There is a classic collision about to take place and you are all invited. This classic collision will happen right in our own galaxy, just about 30 million years from now. 30 million years may seem a lot but on a celestial scale, it’s not. According to Hubble Space Telescope researchers, a massive space cloud, traveling at a rate of 700,000 mph (1.1 million km/h), is currently set on a collision course with our Galaxy. Smith’s Cloud is a massive cloud of gas containing mostly hydrogen and heavier sulfur. This cloud measures up to 11,000 lightyears in length (9.5 trillion km is equal to a lightyear) and about 2,500 lightyears wide. This enormous cloud was discovered in 1963 by Dutch radio astrophysicist Gail Smith, recent research shows that the massive space cloud formed about 70 million years ago.





Due to high ratio of sulfur gas, astrophysicists propose that Smith’s Cloud probably originated from the Milky Way. But no one knows how and why it was expelled out of our galaxy. And now, it returns with a huge boom.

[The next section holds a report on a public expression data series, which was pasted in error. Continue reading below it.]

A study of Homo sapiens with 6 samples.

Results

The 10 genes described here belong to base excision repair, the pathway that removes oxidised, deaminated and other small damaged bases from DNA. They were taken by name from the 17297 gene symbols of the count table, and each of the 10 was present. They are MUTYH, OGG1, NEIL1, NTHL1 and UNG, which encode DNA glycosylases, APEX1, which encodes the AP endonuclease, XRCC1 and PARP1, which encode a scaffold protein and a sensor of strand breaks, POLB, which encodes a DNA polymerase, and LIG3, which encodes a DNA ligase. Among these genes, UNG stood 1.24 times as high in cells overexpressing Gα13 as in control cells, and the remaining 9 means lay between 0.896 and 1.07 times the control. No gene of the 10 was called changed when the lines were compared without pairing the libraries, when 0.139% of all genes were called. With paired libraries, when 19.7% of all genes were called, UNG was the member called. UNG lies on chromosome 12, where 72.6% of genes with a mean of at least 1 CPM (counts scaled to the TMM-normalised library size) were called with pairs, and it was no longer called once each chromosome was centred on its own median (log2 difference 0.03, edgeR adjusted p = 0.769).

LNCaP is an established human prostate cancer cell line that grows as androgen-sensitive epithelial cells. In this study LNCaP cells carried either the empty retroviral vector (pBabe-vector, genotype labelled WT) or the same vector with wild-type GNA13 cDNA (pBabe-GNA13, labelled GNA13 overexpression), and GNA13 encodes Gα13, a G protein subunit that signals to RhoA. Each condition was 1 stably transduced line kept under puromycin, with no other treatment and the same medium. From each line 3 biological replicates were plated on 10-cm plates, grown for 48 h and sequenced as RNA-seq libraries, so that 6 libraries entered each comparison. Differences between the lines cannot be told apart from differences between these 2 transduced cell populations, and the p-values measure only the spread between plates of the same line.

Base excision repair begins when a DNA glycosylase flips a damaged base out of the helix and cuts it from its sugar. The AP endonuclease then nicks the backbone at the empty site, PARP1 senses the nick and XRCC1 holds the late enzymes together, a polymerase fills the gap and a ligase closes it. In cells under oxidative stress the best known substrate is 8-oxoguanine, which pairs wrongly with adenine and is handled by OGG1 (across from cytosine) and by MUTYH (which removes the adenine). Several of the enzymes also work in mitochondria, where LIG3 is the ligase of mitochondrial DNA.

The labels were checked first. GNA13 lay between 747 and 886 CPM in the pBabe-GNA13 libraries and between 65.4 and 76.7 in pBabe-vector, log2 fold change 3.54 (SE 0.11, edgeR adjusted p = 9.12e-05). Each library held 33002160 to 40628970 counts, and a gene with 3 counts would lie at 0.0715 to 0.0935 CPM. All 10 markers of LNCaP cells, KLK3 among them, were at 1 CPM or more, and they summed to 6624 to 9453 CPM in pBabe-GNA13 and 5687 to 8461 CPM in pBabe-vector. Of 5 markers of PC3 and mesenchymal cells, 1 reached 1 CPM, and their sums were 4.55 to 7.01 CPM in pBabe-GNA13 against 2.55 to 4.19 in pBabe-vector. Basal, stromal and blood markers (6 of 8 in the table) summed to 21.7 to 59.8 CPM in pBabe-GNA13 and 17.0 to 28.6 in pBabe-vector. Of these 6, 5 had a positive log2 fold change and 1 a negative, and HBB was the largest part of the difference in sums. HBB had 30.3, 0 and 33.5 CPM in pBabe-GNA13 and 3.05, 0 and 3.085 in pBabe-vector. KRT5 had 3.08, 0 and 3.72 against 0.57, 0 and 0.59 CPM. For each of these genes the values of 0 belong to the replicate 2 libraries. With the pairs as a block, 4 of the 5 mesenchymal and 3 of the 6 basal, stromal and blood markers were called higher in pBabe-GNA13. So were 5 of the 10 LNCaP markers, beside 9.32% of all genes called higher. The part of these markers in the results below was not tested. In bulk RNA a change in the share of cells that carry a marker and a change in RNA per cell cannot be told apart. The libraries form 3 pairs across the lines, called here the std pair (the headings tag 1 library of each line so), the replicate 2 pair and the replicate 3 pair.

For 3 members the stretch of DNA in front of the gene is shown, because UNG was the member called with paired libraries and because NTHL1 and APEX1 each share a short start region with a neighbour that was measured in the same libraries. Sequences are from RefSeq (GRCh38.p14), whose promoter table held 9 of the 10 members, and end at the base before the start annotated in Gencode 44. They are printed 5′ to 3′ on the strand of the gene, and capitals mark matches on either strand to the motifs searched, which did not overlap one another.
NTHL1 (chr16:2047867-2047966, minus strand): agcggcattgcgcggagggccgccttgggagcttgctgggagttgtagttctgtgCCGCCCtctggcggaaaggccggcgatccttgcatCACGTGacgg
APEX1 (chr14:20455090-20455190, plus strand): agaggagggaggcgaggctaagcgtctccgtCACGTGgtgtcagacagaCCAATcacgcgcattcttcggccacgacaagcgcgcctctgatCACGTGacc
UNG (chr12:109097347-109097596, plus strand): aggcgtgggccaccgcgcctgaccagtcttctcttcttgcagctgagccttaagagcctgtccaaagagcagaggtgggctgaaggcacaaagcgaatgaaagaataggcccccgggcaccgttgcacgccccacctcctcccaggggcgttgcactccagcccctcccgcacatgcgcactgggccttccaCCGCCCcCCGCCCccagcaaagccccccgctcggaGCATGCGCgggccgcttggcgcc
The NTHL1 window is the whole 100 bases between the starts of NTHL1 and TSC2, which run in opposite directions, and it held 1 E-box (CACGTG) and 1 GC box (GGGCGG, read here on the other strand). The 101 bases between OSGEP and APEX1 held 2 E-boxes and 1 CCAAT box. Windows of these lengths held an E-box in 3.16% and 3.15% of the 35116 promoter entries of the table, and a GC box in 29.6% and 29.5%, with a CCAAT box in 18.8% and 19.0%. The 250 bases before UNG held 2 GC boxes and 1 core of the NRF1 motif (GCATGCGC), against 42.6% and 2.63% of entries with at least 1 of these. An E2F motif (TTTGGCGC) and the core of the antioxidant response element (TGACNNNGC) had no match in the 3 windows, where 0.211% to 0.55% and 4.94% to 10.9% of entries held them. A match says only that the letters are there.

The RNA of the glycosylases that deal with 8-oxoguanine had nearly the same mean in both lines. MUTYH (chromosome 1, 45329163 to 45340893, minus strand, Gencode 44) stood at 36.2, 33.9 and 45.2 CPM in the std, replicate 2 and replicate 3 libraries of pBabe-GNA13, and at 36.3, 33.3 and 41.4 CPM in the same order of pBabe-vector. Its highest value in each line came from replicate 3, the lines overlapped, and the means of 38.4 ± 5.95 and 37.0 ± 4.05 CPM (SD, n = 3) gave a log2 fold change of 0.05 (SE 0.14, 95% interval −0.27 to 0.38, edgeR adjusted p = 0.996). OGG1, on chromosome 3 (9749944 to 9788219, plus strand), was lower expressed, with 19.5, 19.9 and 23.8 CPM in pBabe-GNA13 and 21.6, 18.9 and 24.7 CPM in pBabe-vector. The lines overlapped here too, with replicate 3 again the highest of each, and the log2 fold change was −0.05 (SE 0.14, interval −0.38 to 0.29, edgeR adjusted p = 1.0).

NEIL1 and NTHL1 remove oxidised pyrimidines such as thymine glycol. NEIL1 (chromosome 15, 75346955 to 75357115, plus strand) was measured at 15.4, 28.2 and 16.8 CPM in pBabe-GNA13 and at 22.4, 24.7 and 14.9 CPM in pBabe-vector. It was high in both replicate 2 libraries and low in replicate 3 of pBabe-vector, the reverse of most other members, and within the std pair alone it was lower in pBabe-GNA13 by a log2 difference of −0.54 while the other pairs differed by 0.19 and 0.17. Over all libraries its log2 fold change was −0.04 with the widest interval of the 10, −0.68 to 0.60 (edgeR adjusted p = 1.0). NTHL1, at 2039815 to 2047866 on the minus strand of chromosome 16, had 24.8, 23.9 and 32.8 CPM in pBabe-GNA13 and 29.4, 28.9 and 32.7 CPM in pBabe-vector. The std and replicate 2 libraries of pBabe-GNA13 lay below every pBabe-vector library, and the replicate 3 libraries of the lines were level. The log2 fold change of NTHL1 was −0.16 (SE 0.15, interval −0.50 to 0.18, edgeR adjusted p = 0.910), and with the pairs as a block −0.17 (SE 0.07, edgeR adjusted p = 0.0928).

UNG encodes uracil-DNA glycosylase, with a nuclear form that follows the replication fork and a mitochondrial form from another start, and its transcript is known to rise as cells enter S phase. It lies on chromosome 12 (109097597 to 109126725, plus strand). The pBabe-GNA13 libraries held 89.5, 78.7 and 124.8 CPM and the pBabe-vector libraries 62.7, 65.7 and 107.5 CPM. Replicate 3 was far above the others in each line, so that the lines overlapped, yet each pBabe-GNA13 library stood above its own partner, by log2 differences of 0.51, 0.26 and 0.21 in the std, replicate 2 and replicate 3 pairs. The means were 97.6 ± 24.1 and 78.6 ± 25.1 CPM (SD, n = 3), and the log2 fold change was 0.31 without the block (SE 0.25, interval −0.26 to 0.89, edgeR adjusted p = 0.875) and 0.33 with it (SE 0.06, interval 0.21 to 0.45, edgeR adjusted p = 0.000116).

One significant thing about this is collision will certainly not kill us — at least not anyone from Earth — because this takes place several thousands of lightyears from us, at the very edge of the Milky Way.

Earth will not get hurt but instead, we will get to witness a magnificent light show including the birth of about 2 million stars.


This specific Collision is an astronomical notice of how evolution occurs at cosmic scales. Astrophysicist, Andrew Fox, from Space Telescope Science Institute, and a profound Smith’s Cloud researcher, said in a statement:
The cloud is a perfect example of how the galaxy is shifting with time. It’s showing us that our Galaxy is a bubbling, very active place where gasses can be thrown out of one part of the disk and then return into another. Milky Way is recovering its gas through clouds, the Smith Cloud being one of the examples, and will form stars in different places than before. Hubble’s calculations of the Smith Cloud are allowing us to imagine how active the disks of galaxies are.